4State Museum

Jorge-Semprún-Platz 5

You can see a brochure that reads "Degenerate Music - A Reckoning from the State Councillor DR.H.S. Ziegler". Above it is a drawing of a man with black skin playing the saxophone.
Brochure for the exhibition "Entartete Musik", 1939.

Founded in 1869 as the Grand Ducal Museum, the building became a forum for contemporary art during the Weimar Republic under the name Thuringian State Museum. In 1930, the National Socialist Minister of the Interior and National Education of Thuringia, Wilhelm Frick, enacted the decree "Against Negro Culture, for German Folklore", which was directed against modern art and music. Unfavourable works were also removed from the Weimar Palace Museum. In spring 1939, 50,000 visitors saw the travelling exhibition "Degenerate Art" in the State Museum, which showed around 700 confiscated works of art, including those by Lyonel Feininger, Wassily Kandinsky, Paul Klee and George Grosz. In Weimar, the exhibition was supplemented by the "Degenerate Music" section designed by Hans Severus Ziegler. Music by composers such as Kurt Weill, Arnold Schönberg, Paul Hindemith and Igor Stravinsky was considered "degenerate".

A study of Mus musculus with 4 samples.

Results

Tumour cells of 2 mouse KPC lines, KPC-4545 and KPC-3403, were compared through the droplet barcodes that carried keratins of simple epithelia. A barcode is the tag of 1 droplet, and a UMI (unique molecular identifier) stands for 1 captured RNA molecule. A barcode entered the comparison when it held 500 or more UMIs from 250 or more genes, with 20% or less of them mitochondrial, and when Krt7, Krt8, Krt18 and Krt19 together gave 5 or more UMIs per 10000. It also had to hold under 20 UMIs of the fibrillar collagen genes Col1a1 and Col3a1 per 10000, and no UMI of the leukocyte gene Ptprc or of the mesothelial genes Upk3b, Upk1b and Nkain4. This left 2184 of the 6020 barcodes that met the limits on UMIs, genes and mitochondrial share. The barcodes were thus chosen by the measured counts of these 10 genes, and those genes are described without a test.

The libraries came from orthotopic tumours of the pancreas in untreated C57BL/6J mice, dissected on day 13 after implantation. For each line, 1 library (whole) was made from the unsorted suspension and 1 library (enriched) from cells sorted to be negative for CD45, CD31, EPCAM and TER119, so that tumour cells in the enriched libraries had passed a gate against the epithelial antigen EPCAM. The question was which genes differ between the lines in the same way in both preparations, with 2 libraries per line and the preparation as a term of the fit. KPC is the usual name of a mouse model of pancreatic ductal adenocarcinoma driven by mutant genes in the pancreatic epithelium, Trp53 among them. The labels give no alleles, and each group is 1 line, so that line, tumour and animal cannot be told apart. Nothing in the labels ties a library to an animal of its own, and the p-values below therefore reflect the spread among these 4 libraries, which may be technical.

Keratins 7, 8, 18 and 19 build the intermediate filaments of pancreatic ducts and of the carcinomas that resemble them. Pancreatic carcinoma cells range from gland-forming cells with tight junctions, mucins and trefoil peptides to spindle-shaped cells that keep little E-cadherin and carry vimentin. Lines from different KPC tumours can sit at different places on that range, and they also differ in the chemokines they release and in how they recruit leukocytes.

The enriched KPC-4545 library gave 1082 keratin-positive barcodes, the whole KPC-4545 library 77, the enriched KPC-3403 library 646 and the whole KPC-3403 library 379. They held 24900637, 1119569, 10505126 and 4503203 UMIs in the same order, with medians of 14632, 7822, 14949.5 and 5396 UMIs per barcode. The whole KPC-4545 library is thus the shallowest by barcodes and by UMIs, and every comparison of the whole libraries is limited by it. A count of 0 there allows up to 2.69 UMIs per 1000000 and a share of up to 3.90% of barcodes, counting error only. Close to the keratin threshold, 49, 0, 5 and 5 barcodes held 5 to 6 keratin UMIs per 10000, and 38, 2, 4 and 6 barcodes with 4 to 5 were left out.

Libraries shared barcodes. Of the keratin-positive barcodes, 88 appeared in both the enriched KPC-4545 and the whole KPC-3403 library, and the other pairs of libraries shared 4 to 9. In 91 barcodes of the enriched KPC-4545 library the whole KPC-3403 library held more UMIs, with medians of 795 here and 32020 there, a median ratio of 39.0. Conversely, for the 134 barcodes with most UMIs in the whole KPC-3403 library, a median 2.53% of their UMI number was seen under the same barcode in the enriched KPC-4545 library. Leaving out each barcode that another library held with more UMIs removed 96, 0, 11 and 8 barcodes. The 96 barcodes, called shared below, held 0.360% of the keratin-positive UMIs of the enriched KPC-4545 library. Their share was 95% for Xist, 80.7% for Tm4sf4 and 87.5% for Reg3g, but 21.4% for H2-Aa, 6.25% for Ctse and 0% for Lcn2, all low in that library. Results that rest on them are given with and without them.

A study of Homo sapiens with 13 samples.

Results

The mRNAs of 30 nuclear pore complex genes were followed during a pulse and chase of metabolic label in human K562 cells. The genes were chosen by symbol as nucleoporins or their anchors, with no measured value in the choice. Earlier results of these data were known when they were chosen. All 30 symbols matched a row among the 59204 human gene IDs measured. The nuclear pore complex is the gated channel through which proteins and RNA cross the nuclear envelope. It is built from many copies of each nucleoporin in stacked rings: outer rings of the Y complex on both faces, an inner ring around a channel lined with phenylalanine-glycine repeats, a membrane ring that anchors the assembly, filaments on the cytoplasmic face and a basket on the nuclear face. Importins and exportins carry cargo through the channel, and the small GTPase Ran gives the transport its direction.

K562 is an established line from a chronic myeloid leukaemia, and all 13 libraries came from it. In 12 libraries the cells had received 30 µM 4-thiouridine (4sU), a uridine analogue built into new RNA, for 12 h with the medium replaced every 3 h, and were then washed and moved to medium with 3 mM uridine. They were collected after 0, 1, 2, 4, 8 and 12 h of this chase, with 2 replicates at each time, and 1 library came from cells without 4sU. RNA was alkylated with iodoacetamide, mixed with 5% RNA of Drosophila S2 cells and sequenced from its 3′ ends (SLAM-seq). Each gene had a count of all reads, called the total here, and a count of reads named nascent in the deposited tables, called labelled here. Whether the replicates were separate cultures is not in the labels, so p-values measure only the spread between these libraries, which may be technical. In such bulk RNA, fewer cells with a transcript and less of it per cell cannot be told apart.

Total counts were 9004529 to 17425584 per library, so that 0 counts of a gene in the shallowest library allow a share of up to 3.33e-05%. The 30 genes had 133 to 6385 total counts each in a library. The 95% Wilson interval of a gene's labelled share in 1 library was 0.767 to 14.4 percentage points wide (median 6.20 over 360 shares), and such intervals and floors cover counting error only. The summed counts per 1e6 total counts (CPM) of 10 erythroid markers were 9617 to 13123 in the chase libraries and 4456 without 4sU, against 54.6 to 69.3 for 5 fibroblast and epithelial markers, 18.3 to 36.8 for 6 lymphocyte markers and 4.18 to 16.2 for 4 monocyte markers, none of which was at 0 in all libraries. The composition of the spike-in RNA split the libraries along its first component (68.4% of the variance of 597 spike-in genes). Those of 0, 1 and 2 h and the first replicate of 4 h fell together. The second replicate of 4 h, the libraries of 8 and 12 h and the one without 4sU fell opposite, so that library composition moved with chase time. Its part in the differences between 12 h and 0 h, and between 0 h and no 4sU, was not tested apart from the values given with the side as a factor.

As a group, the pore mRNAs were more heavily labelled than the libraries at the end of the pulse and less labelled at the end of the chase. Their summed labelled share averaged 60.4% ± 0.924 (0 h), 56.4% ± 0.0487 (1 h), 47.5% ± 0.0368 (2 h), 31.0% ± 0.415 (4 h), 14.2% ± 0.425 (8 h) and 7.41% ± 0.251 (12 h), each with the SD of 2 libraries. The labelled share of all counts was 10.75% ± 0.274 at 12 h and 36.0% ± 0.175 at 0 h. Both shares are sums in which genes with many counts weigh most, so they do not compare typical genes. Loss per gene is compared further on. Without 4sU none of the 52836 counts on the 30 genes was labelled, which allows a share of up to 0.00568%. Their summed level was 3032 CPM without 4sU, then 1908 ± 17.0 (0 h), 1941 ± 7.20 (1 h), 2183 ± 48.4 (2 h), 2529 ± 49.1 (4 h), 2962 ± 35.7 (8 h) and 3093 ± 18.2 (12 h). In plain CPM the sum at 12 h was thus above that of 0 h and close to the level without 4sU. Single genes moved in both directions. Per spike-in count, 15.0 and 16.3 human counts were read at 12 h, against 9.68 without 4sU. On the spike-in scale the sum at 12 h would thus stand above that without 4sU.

Reich Governor's Office

From July 1933, the museum became the seat of the Reich Governor's Office under Fritz Sauckel for four years, which rented two floors of the right-hand side of the building. Exhibition operations were restricted. From 1936, construction of the Gauforum began on the neighbouring square, with which the museum was connected by an arcade. It was badly damaged in bombing raids at the beginning of 1945 and only reopened in 1999 as the Neues Museum Weimar.

You can see a woman sitting on a pile of wood. She is wearing a conservative-looking costume with a blouse and jacket. Kneeling next to her on the same pile of wood is a man in a suit.
Pastor Alexander Wessel with his wife Käthe, 1939.

Pfarrer Wessel

Alexander Wessel, pastor of the Luther parish, was known to the people of Weimar for his "Christmas tree for all", which he had erected every year on the steps of the country museum. The tradition came to an end in 1936, as the Reich Governor had the cross on the top of the tree banned. In May 1937, the neighbouring community centre had to make way for the construction of the Gauforum; the remains of the wall can still be seen in Brennerstraße. Wessel, a member of the Stahlhelm and the National Socialist-orientated German Christians until 1935, took an increasingly critical view of the new rulers. When he wrote a letter to the members of his congregation in July 1941 against the war and the loss of importance of the church, he was arrested by the Gestapo in Weimar and sent to Buchenwald concentration camp. Thanks to good contacts in the army high command, he was released after 23 days, but was no longer allowed to work as a pastor until the end of the war. He died in Bethel in 1954.